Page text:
Scholars of The Department of Mechanical Engineering have joined hands to develop a novel testing system for palpation of diabetic foot patient. The invention has been recently issued a patent by the United States Patent Office.

Co-invented by Prof. Wallace Leung, Chair Professor of Innovative Products & Technologies and Prof. Alan Lau, Alex Wong/Gigi Wong Professor in Product Design Engineering, the “Automatic Testing for Palpation of Diabetic Foot Patient” system is developed for assessment of nervous connectivity or nerve degradation for patients suffering from diabetes or neuromusculoskeletal dysfunction. 

Manual palpation on the body part and observing extent of bending of the test filament has been conventional practice that is subject to human error and inaccuracy. The downside to this simple assessment is that physicians might miss the correct diagnostic or assessment resulting in unnecessary amputation of patients. This novel technology uses automatic palpation in three-dimensional space for patients, such as diabetic patients, for which nerve degradation is tested. The standard testing can be implemented through a robotic device on all patients and the test can accurately locate systematically the existence of degraded nerves in the foot, or human musculoskeletal system, before they deteriorate.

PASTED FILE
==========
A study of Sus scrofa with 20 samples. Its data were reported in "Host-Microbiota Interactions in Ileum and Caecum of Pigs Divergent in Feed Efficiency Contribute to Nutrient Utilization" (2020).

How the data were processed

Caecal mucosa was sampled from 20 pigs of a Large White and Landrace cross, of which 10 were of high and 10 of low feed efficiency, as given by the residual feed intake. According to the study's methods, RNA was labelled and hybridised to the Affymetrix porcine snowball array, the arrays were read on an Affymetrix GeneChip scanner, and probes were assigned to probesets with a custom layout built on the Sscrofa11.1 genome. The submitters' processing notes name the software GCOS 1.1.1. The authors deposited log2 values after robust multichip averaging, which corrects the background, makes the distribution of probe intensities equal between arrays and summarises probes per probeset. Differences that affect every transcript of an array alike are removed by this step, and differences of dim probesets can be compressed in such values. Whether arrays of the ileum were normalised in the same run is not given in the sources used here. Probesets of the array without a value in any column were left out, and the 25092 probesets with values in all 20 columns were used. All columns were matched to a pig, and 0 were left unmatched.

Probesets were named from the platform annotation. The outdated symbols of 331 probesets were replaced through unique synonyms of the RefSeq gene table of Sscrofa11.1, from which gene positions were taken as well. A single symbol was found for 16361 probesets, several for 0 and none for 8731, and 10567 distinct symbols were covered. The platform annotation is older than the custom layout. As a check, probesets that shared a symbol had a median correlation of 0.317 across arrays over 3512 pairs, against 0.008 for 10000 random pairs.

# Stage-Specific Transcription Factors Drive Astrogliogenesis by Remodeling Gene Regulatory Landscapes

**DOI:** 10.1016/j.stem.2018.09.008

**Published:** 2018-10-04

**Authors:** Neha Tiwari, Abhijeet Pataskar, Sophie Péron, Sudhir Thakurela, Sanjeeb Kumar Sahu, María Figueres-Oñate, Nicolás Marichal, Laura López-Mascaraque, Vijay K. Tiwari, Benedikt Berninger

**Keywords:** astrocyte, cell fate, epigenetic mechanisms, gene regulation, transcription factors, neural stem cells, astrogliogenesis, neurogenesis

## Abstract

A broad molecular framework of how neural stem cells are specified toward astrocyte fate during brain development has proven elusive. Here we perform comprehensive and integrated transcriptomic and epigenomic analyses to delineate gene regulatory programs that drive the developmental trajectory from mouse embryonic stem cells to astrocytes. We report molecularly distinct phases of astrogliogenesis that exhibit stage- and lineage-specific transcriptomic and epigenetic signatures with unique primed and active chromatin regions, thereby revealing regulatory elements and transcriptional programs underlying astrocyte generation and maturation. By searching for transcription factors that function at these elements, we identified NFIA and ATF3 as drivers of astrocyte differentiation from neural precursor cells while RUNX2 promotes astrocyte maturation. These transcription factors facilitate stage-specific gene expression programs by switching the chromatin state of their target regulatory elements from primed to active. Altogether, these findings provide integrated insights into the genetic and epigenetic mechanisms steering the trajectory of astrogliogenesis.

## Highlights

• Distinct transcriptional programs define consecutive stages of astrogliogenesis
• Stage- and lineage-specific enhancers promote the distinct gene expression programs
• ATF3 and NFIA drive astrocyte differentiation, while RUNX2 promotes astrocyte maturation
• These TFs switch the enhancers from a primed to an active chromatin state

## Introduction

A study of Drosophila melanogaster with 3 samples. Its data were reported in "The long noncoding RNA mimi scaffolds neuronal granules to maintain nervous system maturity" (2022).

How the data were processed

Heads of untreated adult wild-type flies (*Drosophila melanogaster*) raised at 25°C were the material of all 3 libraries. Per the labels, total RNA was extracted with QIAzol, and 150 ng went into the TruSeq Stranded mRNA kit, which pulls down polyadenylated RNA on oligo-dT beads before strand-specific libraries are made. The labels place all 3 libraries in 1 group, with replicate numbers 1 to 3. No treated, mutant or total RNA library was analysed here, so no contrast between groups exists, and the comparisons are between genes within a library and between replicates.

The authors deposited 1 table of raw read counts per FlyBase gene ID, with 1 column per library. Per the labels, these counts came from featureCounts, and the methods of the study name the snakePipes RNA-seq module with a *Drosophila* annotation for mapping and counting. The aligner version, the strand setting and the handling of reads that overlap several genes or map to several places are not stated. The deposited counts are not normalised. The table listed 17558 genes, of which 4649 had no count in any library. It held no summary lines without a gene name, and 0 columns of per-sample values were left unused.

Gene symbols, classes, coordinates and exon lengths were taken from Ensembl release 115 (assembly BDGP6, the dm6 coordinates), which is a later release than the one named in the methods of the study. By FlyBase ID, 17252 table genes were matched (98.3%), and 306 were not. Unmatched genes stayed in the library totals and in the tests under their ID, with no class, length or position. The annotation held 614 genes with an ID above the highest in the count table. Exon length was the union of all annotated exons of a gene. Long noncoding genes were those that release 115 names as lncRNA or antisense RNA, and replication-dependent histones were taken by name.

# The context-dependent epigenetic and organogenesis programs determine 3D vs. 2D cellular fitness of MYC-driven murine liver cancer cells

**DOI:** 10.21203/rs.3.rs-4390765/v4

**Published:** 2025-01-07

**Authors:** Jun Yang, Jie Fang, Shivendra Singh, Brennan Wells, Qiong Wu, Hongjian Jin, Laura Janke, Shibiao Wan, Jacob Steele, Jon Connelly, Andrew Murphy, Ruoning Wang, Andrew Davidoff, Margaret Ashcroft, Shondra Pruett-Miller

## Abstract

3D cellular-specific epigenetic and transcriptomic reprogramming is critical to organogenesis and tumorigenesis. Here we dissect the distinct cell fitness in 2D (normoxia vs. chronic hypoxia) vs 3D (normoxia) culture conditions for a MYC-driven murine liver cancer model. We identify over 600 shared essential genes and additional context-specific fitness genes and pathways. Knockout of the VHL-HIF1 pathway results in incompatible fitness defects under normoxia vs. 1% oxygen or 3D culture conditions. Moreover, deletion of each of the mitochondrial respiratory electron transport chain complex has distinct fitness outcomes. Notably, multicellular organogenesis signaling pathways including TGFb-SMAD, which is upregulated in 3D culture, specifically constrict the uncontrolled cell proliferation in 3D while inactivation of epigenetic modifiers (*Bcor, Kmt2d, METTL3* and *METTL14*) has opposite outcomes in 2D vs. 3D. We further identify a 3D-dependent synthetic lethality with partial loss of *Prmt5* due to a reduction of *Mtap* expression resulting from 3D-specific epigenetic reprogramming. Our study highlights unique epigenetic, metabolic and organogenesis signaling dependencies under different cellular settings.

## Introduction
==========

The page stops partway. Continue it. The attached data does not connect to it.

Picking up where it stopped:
Diabetic and musculoskeletal dysfunction patients suffer commonly from nerve degradation that needs to be assessed and treated early to prevent the worst case of losing their body part by amputation. This patent discloses an invention of a system for an automated palpation testing of a patient, including the use of a robotic device with an actuating element replacing the filament. The system is useful for testing patients at risk of nerve degradation, such as diabetic and musculoskeletal dysfunction sufferers. The system includes a controller for programming the robotic device to administer the test in a particular pattern, and a storage medium for storing the results of the test.  The system allows a more accurate determination of the stage of nerve degradation, as well as being able to conduct a more standardized test because of adopting an automation technology. The 3-dimensional spatial probing allows the probe to follow the complex contour of the human body thus accurately tracing out the degraded nerves.  The invention can facilitate comparison between the past and present assessment results (data logged by computer and can be retrieved and compared) so that the condition of the patient can be follow through longitudinally over time, which is practically impossible with conventional practice.